Brayan Pinto, an 18-year-old teenager from Venezuela, wasn’t allowed to take his small white dog Brandy to the United States. On Sunday, Pinto hugged his pet, who was a gift from his mother before her death, before leaving her at the United States-Mexico border.
“She has been with me for two years. She has even served me as an emotional support dog. Today when we reached the US, they (American authorities) told me I need to leave her behind because she cannot cross to the other side with me,” Pinto said.
“They do a lot to help us. They cannot help the puppies too. My aunt is sad as well. We do not know what to do, because we do not want to abandon her here. She has been with us through Ecuador, Colombia, and Venezuela,” Pinto told news agency Reuters.
He handed the dog, a mix of Pekingese and toy poodle, to Carlos Sanchez, a Mexican photographer at the border. Sanchez promised Pinto he would take care of the dog.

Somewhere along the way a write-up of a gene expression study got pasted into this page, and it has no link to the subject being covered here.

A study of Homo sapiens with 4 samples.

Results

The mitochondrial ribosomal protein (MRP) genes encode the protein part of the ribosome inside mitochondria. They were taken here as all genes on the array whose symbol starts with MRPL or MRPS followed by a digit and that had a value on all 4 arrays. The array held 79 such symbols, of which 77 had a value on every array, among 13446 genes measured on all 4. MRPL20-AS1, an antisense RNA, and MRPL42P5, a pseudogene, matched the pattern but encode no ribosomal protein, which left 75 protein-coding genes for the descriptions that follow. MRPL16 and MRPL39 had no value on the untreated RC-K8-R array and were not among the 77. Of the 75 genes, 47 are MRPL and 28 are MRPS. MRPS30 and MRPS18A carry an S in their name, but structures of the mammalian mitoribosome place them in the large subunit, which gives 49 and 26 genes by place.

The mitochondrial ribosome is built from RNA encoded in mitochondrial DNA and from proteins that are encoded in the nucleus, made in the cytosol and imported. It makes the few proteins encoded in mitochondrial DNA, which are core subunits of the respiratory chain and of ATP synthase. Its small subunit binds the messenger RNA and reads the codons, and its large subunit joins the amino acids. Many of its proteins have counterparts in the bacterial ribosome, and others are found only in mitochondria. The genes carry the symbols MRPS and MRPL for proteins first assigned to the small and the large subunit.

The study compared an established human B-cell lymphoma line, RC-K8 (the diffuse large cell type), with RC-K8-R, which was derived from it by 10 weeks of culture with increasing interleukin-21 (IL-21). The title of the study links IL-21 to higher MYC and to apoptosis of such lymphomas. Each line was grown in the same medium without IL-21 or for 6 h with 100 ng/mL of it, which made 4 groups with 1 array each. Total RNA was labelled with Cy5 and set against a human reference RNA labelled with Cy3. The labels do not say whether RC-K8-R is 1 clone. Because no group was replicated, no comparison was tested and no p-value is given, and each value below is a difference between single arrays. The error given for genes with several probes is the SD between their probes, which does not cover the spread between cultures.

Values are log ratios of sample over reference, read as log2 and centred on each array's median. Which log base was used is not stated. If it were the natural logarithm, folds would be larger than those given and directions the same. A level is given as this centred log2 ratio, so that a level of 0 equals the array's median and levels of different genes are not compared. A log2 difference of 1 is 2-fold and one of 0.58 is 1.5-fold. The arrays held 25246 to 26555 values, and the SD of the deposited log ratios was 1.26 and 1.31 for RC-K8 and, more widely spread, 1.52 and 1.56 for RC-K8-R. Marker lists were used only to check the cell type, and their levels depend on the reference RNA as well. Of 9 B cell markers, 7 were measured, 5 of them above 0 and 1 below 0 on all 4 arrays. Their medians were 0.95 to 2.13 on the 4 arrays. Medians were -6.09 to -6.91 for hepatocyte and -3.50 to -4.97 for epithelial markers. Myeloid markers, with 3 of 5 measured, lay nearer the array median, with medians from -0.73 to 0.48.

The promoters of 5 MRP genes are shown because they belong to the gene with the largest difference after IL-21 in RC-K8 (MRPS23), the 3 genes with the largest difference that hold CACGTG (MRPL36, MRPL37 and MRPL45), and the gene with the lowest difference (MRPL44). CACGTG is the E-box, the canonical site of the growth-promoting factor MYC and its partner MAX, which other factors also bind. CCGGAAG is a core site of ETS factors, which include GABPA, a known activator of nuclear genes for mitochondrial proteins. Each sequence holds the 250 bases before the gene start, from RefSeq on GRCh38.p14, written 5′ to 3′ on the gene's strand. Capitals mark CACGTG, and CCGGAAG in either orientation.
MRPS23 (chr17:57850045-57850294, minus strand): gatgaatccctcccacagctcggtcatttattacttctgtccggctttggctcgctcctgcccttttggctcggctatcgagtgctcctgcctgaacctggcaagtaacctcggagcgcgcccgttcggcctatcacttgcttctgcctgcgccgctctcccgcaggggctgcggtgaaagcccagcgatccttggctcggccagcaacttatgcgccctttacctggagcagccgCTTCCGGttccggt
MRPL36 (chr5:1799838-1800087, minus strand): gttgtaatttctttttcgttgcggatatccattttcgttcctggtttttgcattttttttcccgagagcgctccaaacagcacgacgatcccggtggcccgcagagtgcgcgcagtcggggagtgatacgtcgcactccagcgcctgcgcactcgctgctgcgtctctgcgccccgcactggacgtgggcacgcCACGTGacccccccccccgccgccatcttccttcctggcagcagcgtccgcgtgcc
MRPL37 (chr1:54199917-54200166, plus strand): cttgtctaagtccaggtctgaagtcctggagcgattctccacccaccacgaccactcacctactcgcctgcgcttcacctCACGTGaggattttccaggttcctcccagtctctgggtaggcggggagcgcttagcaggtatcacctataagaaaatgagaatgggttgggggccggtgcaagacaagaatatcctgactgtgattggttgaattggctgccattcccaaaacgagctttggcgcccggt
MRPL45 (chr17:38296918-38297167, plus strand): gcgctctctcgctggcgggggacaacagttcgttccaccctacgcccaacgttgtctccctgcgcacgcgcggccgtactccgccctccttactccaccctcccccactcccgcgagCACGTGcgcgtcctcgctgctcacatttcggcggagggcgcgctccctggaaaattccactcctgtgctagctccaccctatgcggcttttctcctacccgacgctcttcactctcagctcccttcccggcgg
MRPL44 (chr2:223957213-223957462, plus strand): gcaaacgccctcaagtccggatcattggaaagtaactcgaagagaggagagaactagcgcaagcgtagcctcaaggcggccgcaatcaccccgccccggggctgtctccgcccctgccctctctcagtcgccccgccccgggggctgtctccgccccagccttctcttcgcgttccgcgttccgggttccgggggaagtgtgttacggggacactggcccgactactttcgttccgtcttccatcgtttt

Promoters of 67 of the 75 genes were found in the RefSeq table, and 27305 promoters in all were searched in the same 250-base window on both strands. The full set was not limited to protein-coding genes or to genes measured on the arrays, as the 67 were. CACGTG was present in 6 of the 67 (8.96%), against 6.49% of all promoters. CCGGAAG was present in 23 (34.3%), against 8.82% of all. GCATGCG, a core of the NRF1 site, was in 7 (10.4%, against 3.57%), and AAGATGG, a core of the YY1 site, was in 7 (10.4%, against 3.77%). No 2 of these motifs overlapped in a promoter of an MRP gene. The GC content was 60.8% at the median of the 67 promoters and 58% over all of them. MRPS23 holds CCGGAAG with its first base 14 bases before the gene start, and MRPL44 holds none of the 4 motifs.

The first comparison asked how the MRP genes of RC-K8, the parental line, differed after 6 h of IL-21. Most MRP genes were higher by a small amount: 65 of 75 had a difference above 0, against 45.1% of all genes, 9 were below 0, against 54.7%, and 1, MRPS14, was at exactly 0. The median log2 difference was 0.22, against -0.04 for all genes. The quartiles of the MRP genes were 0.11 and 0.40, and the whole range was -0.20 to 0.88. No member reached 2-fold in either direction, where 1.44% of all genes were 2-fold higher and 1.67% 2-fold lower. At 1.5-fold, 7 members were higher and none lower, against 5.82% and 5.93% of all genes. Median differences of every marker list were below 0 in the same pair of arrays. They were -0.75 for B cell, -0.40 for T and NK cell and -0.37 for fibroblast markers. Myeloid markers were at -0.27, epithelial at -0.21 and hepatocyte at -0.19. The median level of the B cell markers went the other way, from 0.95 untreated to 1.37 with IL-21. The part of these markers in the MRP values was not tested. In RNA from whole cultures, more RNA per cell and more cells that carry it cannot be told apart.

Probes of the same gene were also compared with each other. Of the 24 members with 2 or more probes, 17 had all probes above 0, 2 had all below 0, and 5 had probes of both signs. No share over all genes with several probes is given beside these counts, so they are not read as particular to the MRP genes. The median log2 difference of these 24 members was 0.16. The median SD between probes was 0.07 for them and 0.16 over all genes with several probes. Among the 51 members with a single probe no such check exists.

Venezuelan migrants crossed the border between the Mexican city Ciudad Juarez and the United States’ city of El Paso to surrender to the US Border Patrol, hoping to obtain asylum.
Between January and August this year, Mexico received 8,282 asylum applications from Venezuelans, according to the Mexican Commission for Refugee Assistance (COMAR).
“My brother crossed, and when he passed the fence, he handed himself to the immigration authorities. They are supposedly giving humanitarian asylum. The United States government is granting humanitarian asylum. Many people come with that idea, mainly Venezuelans say they have humanitarian asylum,” Joel Guevara, who also crossed the border, said.
“Many of us are running away from dictatorships, from crisis. In my case, I live in Venezuela, and I am running away from political persecution,” Joel added.